The Knowledge Funnel: A Conversation with Roger Martin on the Importance of Design Thinking

Roger Martin is without a doubt someone who understands the fundamental problems that corporations of the 21st century are facing. His understanding lends itself to a rare discourse that often goes unheard in classrooms, by educators and within a free market enterprise. In his conversation as part of the “Unfinished Lectures” series and in his book “The Business of Design Thinking,” the notion of risk is a prevalent one to Martin, developed by much rigour and is by no means derivative in nature. Martin explains that a common thinking amongst individuals is the idea that if a system is inherently reliable in nature, then subversion need not be necessary. The counter to this thought process is simple and pointed: reliable systems tend to crash.  The framework of most business organizations rest on the idea that it’s possible to create a revenue driven future that will be profitable in the long term, based on past results and historical data.  According to Martin, this thinking is flawed in its outlook, as it’s an innovative approach, within a forward looking lens that will create change and bring about a real push outside the constraints of a normative business structure.  Corporations and organizations must think about the mark they hope to leave on the world and as such they must empower and build a culture of innovation to promote relevancy in today’s marketplace.

With all this emphasis on the shift in the way we fundamentally approach business challenges, it’s interesting to note the focus Martin places on thinking about ideas and concepts that do not currently exist, as being the pendulum of scientific management. It’s in this vain that one might argue that the pendulum has surely swung. Martin explains that the 20th century, in its essence was all about “things that functioned,” whereas the 21st century will be more design focused and interested in making “elegant stuff more elegant,” which is ultimately how new ideas will be born. Martin can’t emphasize strongly enough the absolute need to employ design thinking within the transactions we each make as entrepreneurs, consumers and corporations, every day. So then the question begs: where does this design thinking take us? First off, organic growth and innovation on any level is not possible without the combination of analytical and intuitive thinking. Because analytical thinking is typically (over) valued in our society, Martin explains that adductive logic is what produces forward thinking ideas that eventually help tackle the most complex of business problems that often go unanswered, which are what Martin coins as “mysteries.”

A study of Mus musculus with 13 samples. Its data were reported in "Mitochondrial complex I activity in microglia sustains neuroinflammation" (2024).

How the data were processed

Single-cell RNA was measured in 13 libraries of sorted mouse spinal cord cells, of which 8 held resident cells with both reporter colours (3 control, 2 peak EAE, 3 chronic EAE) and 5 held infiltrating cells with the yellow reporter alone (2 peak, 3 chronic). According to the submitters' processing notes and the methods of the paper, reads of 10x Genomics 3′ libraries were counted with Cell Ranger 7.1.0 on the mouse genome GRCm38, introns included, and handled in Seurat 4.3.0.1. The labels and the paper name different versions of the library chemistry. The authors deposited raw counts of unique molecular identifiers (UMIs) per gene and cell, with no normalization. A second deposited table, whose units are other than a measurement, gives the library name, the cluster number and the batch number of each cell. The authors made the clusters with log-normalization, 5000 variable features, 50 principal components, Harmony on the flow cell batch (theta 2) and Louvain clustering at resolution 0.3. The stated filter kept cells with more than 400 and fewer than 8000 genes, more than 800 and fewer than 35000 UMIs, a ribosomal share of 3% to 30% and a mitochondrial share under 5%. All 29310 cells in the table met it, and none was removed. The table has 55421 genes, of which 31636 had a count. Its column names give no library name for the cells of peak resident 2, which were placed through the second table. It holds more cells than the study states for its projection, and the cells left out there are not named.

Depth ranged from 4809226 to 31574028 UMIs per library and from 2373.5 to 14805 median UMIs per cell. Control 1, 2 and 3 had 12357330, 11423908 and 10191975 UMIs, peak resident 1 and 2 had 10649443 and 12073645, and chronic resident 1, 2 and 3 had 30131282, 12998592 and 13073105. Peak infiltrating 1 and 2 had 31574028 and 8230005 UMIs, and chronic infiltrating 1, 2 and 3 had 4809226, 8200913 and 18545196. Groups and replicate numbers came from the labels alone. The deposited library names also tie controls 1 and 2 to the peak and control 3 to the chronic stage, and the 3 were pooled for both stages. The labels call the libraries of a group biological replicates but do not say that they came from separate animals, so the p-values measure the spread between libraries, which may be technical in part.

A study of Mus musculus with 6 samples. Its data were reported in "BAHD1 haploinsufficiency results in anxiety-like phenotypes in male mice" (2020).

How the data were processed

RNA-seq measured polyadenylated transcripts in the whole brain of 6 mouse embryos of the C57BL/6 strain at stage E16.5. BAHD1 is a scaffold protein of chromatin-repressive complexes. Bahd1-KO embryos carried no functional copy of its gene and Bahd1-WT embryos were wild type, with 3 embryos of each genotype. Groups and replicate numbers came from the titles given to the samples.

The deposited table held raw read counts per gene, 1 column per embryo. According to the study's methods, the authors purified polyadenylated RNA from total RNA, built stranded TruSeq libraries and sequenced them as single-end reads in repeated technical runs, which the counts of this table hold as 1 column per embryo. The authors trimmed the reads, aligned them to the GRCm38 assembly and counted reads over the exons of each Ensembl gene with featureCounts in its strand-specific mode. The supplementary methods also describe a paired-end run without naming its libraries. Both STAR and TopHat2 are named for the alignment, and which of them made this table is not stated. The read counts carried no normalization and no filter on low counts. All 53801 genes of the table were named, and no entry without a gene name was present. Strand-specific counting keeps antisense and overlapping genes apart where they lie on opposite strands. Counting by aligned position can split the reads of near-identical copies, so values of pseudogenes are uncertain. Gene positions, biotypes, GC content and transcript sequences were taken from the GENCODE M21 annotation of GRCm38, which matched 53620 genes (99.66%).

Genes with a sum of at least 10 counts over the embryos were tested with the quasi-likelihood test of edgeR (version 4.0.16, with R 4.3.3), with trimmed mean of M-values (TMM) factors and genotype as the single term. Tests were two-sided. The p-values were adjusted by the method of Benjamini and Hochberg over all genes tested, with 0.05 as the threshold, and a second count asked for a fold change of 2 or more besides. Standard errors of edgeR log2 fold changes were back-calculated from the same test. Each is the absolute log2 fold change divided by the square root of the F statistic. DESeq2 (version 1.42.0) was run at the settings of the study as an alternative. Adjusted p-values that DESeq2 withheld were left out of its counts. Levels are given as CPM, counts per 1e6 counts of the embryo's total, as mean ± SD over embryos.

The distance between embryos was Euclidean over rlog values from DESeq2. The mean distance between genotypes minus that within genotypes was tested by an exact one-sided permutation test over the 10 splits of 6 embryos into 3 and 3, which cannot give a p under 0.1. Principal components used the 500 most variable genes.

Strategy in business is about where to play and how to win. Design thinking empowers this notion to a new level in that it shifts the concept of rivalry. Design thinking relates to figuring out better ways to play, rather than engaging in head to head competition and goes deeper in understanding the user, customer and client. Martin’s commitment to the pros of design thinking is supported inherently by the idea that customers aren’t as generic as strategy books would make them out to seem. The substantiation of the lack of design thinking within the marketplace is evidenced by the similarities seen within corporations at a bird’s eye view and with no rush to tackle the next great mysteries of our time.

It’s clear through this thinking that Roger Martin is a believer in the power of conversation as a means of technology in and of itself and encourages social shifts within companies in order to create collaboration models that will facilitate venues for multi-disciplinary cross segment spaces.

As Martin closes his thoughts, his goal is to impart this simple piece of wisdom: Be different in the world and embrace the notion that creativity, design thinking and an appreciation for what innovation can build are anything but tangible and relevant. As a society we often overplay the importance of efficiency, and it is for this that Martin encourages “logical leaps of the mind.” It’s this knowing without reasoning that Martin believes large corporations must value in an effort to make the 21st century a time of great progress, meaning and insight. Not surprisingly, and quite likely unbeknownst to him, Martin is already leading us in the most fascinating and enlightening of directions. A rare, but important journey for design thinkers everywhere.